I cannot remember where I read that the usual example is the blow-up of the plane in the $9$ points of intersection of $2$ general cubics. This should give an infinite number of $-1$-curves, but I don't manage to see why it should be infinite! As far as I see the strict transform $C$ of any curve in the pencil would give me $C^2=\pi*(C)+ \sum E_i^2=9-9=0$ where $E_i$ are the exceptional divisors.

What am I missing?

    
Unfortunately my library has a lock on that book. I should just 'recall' it. Thanks for letting me know :) –  Jesus Martinez Garcia Jan 23 '12 at 11:10


To see why there are infinitely many (-1)-curves: each of the 9 points you blow up gives a (-1)-curve E_i, as you know. But the E_i are also sections of the elliptic fibration determined by the pencil. So one can use the group structure of the generic fibre (which is an elliptic curve over the function field k(P^1)) to translate any of the E_i to any other section of the fibration; since the action is by automorphisms of the surface, the other sections must be (-1)-curves also. As long as there are infinitely many sections (which is guaranteed by the assumption that the cubics are general) one gets infinitely many (-1)-curves this way.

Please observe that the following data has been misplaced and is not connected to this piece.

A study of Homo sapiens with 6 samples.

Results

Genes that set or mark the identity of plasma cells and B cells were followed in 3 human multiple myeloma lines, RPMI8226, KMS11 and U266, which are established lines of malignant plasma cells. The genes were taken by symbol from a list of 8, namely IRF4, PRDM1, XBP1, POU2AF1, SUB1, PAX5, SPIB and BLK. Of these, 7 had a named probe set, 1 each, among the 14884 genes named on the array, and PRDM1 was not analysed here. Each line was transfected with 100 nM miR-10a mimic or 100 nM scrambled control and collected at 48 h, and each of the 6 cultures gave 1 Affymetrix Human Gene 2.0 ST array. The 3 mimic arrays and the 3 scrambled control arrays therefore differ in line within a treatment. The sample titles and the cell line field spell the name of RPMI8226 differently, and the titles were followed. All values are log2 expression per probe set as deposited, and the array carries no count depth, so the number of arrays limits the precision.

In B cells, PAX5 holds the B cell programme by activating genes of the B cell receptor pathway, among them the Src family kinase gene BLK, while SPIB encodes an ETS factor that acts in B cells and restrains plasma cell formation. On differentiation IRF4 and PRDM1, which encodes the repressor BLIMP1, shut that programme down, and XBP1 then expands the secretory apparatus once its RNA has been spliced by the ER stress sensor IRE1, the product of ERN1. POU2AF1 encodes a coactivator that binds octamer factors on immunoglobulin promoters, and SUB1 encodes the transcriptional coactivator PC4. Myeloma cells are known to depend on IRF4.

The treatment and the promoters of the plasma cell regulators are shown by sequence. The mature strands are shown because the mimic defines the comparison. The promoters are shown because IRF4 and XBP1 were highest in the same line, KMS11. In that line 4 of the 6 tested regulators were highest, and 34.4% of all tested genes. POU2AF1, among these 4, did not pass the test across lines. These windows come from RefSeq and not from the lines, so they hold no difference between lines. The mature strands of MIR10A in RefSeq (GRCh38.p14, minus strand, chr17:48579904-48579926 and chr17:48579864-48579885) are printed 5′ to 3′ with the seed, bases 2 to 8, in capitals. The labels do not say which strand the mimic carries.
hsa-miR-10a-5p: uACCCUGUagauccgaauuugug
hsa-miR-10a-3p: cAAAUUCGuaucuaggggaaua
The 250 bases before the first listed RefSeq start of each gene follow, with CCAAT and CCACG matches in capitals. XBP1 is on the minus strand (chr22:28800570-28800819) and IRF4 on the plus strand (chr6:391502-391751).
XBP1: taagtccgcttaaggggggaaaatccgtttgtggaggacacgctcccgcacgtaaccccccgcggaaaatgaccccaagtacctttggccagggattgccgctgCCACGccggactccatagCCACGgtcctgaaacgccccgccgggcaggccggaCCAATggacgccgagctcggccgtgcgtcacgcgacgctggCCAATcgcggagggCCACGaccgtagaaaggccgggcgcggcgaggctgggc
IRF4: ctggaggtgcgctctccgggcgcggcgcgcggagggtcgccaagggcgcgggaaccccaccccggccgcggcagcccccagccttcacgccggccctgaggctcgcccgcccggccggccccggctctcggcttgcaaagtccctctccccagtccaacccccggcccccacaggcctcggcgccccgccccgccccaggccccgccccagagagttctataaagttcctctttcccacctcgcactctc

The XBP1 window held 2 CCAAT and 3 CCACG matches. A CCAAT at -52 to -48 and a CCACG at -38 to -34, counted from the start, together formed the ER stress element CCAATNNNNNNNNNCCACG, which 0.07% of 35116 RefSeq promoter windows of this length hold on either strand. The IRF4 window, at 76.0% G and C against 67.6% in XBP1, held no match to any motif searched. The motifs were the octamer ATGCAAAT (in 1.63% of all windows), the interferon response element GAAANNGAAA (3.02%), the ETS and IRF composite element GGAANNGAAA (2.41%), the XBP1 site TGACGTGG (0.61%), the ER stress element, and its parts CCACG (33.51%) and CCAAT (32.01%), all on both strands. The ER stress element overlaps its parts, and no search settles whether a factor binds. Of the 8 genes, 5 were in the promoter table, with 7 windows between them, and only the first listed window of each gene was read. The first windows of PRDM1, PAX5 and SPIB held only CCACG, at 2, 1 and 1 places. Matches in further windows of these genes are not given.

Edit: It's worth mentioning that there are other examples of surfaces with non-finitely generated cone of curves, which differ from the example above in an interesting way. For example, suppose X is a K3 surface which has Picard rank at least 3 and no (-2) curves. Then the (closed) cone of curves of X consists of all classes in N^1(X) satisfying x^2 ≥ 0 and x.H ≥ 0 for any fixed ample class H. This is the standard "round cone" in N^1, with uncountably many extremal rays. (A similar example is obtained by taking X to be an abelian surface with Picard rank at least 3.)

As mentioned in the comments, Volume 1 of Lazarsfeld's great book Positivity in Algebraic Geometry is the best reference for these kinds of questions.